DOJ’s Holiday Gift: Intra-State Internet Gambling for the States
In a long-awaited reversal of direction, the Department of Justice’s Office of Legal Counsel (OLC) released a Memorandum Opinion written earlier this year finding that the Wire Act no longer prohibited forms of gambling other than sports gambling. The opinion, which was released on Friday as an attachment to a letter responding to Senator Harry Reid’s July 2011 request for more information regarding the DOJ’s enforcement of online gambling laws, disagreed with the DOJ’s Criminal Division’s view that the Wire Act prohibited all forms of gambling, not just “sporting events or contests.” As the cover letter to Senator Reid states,“Although the OLC conclusion differs from the Department’s previous interpretation of the Wire Act, it reflects the Department’s position in congressional testimony at the time the Wire Act was passed in 1961.”
The OLC Opinion, which was issued in response to questions from the State of Illinois and State of New York regarding whether each could sell lottery tickets online, agrees with In re Mastercard Int’l, Inc., 313 F.3d 257, 262-63 (5th Cir. 2002), which limited the Wire Act to sports betting. States, however, had not gone forward in reliance on that one opinion—in part because other lower federal courts had disagreed and any attempt by a state could have been met with expensive litigation. See, e.g., United States v. Lombardo, 639 F. Supp. 2d 1271, 1281 (D. Utah. 2007); Report and Recommendation of United States Magistrate Judge Regarding Gary Kaplan’s Motion to Dismiss Counts 3-12, at 4-6, United States v. Kaplan, No. 06-CR-337CEJ (E.D. Mo. Mar. 20, 2008) (same).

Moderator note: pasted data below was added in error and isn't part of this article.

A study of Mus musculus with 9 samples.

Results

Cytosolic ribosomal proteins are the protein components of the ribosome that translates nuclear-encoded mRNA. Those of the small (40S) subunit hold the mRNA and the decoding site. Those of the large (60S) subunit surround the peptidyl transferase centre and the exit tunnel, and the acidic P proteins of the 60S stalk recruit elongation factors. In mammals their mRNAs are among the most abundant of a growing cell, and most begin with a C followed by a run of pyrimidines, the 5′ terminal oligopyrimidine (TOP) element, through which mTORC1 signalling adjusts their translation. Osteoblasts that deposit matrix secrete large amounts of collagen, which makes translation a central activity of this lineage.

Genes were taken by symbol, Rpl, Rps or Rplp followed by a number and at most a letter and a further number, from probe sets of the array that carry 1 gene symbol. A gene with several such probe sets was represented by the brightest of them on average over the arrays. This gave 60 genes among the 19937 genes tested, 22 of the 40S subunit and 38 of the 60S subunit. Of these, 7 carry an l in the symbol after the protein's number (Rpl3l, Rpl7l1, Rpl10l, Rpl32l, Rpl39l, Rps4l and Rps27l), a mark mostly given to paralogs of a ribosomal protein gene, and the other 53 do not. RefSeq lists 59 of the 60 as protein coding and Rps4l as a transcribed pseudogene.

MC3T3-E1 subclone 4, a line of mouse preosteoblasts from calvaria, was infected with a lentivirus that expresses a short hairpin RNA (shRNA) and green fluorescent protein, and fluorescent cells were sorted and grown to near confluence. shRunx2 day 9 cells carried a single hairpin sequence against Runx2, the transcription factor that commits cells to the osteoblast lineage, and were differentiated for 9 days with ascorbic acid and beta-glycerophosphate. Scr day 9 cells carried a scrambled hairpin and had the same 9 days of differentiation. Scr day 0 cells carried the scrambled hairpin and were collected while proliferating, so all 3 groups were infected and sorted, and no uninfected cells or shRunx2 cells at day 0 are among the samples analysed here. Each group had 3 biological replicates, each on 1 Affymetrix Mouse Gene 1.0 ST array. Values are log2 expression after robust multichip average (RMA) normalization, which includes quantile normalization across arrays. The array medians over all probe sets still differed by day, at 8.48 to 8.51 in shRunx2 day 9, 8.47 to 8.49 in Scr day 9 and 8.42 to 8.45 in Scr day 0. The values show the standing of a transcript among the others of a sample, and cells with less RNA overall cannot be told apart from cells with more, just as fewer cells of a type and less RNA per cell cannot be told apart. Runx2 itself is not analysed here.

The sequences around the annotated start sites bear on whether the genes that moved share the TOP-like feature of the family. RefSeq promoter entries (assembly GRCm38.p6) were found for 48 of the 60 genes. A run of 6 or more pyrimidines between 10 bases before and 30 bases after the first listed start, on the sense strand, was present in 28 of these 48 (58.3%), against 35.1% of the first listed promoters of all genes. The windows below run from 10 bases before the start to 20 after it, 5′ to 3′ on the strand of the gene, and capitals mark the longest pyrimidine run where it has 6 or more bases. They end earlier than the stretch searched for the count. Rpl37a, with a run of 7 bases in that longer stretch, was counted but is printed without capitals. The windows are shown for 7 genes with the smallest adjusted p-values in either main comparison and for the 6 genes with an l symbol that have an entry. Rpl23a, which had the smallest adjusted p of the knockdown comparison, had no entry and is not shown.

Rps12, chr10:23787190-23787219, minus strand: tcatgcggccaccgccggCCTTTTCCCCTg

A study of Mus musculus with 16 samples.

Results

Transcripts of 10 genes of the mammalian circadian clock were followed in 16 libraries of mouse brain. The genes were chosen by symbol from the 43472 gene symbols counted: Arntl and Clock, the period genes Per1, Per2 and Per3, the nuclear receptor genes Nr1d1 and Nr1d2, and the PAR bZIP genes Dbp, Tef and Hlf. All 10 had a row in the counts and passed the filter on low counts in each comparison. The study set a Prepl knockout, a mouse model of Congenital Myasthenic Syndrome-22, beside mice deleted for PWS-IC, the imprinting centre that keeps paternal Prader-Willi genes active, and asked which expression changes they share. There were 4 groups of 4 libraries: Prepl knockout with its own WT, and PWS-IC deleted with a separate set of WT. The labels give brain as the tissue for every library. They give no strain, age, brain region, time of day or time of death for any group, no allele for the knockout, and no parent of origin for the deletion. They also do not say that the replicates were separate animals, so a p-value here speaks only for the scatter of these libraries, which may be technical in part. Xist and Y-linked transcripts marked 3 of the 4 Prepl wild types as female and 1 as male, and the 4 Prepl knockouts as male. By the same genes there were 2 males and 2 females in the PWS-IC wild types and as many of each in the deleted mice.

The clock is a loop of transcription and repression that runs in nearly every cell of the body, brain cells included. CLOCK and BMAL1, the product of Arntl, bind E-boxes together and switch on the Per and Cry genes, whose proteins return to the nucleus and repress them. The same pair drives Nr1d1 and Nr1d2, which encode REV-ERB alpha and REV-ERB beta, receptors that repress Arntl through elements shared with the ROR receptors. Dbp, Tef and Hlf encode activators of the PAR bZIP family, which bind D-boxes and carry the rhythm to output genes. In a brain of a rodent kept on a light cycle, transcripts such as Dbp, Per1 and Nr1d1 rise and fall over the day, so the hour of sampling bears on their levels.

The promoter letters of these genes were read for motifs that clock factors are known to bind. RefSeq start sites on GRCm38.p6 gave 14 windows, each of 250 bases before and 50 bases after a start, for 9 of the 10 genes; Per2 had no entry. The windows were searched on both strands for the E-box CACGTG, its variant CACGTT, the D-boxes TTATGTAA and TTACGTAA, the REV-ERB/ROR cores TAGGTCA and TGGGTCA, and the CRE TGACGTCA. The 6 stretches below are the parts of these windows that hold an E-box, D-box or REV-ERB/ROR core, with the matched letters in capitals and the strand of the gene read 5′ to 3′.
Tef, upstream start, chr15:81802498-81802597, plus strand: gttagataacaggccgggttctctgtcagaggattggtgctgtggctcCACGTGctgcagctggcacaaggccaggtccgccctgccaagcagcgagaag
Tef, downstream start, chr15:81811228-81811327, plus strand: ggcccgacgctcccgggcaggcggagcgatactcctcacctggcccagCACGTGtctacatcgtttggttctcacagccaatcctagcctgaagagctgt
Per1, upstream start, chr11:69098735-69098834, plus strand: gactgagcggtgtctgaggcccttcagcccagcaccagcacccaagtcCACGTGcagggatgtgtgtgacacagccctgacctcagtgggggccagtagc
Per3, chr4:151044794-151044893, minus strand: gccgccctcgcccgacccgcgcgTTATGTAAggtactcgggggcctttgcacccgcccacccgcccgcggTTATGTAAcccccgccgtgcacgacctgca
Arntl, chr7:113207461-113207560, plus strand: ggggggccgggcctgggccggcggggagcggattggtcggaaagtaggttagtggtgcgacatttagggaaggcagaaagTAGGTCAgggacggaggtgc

The cover letter also notes that the OLC opinion does not weaken the tools available to the DOJ, stating that “The significant majority of our current and past prosecutions concerning Internet gambling involve cases where the gambling activity is part of a larger criminal scheme. OLC’s conclusion will not undermine our ability to use other powerful tools, such as the federal statutes prohibiting organized crime, racketeering and money laundering, to prosecute that type of criminal conduct. Furthermore, in states that ban various forms of gambling—including Internet poker—the Department will be able to investigate and prosecute those gambling businesses under the Unlawful Internet Gambling Enforcement Act and other sections of the criminal code.”
The opinion opens the door for states to begin using the Internet to sell lottery tickets to residents of their state, as well as for states to begin to enter into compacts with each other to sell lottery tickets in more jurisdictions. It also provides an opportunity for states to legalize other types of online gambling other than sports betting, so long as that gambling is only offered intra-state.